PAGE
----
Heat stroke is an emergency and requires immediate treatment. Because dogs do not sweat (except to a minor degree through their foot pads), they do not tolerate high environmental temperatures as well as humans do. Dogs depend upon panting to exchange warm air for cool air. But when air temperature is close to body temperature, cooling by panting is not an efficient process.
Common situations that can set the stage for heat stroke in dogs include:
- Being left in a car in hot weather
- Exercising strenuously in hot,humid weather
- Being a brachycephalic breed, especially a Bulldog,Pug,or Pekingese
- Suffering from a heart or lung disease that interferes with efficient breathing
- Being muzzled while put under a hair dryer
- Suffering from a high fever or seizures
- Being confined on concrete or asphalt surfaces
- Being confined without shade and fresh water in hot weather
- Having a history of heat stroke
Heat stroke begins with heavy panting and difficulty breathing. The tongue and mucous membranes appear bright red. The saliva is thick and tenacious, and the dog often vomits. The rectal temperature rises to 104° to 110°F (40° to 43.3°C). The dog becomes progressively unsteady and passes bloody diarrhea. As shock sets in, the lips and mucous membranes turn gray. Collapse, seizures, coma, and death rapidly ensue.
Treatment: Emergency measures to cool the dog must begin at once. Move the dog out of the source of heat, preferably into an air-conditioned building. Take his rectal temperature every 10 minutes. Mild cases may be resolved by moving the dog into a cool environment. If the rectal temperature is above 104°F, begin rapid cooling by spraying the dog with a garden hose or immersing him in a tub of cool water (not ice water) for up to two minutes. Alternatively, place the wet dog in front of an electric fan. Cool packs applied to the groin area may be helpful, as well as wiping his paws off with cool water. Monitor his rectal temperature and continue the cooling process until the rectal temperature falls below 103°F (39°C). At this point, stop the cooling process and dry the dog. Further cooling may induce hypothermia and shock. Following an episode of heat stroke, take your dog to a veterinarian as soon as possible. Heat stroke can be associated with laryngeal edema. This seriously worsens the breathing problem and may require an emergency tracheostomy. An injection of cortisone before the onset of respiratory distress may prevent this problem. Other consequences of hyperthermia include kidney failure, spontaneous bleeding, irregular heartbeat, and seizures. These complications can occur hours or days later.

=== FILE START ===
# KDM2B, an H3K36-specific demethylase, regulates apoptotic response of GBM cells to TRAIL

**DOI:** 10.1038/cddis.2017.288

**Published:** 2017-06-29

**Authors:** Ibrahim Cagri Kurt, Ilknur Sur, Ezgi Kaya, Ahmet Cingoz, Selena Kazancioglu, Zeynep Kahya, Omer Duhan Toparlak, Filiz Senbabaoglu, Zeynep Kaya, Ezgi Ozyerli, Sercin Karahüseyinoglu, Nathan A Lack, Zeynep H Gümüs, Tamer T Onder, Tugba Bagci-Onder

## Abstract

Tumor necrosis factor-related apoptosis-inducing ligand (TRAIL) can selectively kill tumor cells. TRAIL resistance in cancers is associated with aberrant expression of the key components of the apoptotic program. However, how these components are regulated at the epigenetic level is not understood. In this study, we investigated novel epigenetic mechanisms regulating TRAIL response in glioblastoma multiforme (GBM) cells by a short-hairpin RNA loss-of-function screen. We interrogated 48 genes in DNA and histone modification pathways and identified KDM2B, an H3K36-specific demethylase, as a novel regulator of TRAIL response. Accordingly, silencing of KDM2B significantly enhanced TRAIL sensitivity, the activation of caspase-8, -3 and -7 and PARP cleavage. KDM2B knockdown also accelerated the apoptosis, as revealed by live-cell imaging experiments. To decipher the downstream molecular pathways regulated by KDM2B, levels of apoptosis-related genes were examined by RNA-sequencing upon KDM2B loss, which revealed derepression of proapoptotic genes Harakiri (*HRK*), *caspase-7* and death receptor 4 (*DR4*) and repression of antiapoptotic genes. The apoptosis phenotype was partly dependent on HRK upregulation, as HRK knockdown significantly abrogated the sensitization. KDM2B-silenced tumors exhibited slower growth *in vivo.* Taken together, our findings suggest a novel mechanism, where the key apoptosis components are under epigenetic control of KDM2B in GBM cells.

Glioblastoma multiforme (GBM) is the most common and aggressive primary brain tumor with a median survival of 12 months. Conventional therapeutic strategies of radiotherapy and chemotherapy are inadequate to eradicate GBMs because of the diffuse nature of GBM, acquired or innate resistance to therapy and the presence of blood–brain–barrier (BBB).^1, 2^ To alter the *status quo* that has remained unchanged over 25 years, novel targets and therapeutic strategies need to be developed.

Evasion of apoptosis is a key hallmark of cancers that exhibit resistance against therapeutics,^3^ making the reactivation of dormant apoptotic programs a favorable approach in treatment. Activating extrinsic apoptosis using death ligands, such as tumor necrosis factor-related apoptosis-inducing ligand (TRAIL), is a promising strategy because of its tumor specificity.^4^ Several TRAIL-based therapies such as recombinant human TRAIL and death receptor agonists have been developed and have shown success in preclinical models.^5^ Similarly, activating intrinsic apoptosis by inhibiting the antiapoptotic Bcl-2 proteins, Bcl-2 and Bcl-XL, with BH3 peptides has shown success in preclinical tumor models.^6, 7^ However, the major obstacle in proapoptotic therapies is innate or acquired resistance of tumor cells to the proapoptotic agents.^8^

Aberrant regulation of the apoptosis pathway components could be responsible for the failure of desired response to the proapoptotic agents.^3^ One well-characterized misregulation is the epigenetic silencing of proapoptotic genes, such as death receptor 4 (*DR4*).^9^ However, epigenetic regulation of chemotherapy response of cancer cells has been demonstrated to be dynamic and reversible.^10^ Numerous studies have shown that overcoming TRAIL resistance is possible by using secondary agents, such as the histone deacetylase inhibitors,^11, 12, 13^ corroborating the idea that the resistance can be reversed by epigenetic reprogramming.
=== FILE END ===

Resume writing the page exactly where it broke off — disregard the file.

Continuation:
- Dogs with airway disease and breathing problems should be kept indoors with air conditioning or at least a fan during periods of high heat and humidity.
- Never leave your dog in a car with the windows closed, even if the car is parked in the shade.
- When traveling by car, crate the dog in a well-ventilated dog carrier, or better yet, an open wire cage.
- Restrict exercise in hot weather.
- Always provide shade and cool water to dogs outdoors, particularly those kenneled on cement or asphalt surfaces.
- Offer cooler surfaces outdoors for dogs to lie on, such as wooden planking, mats, or grass.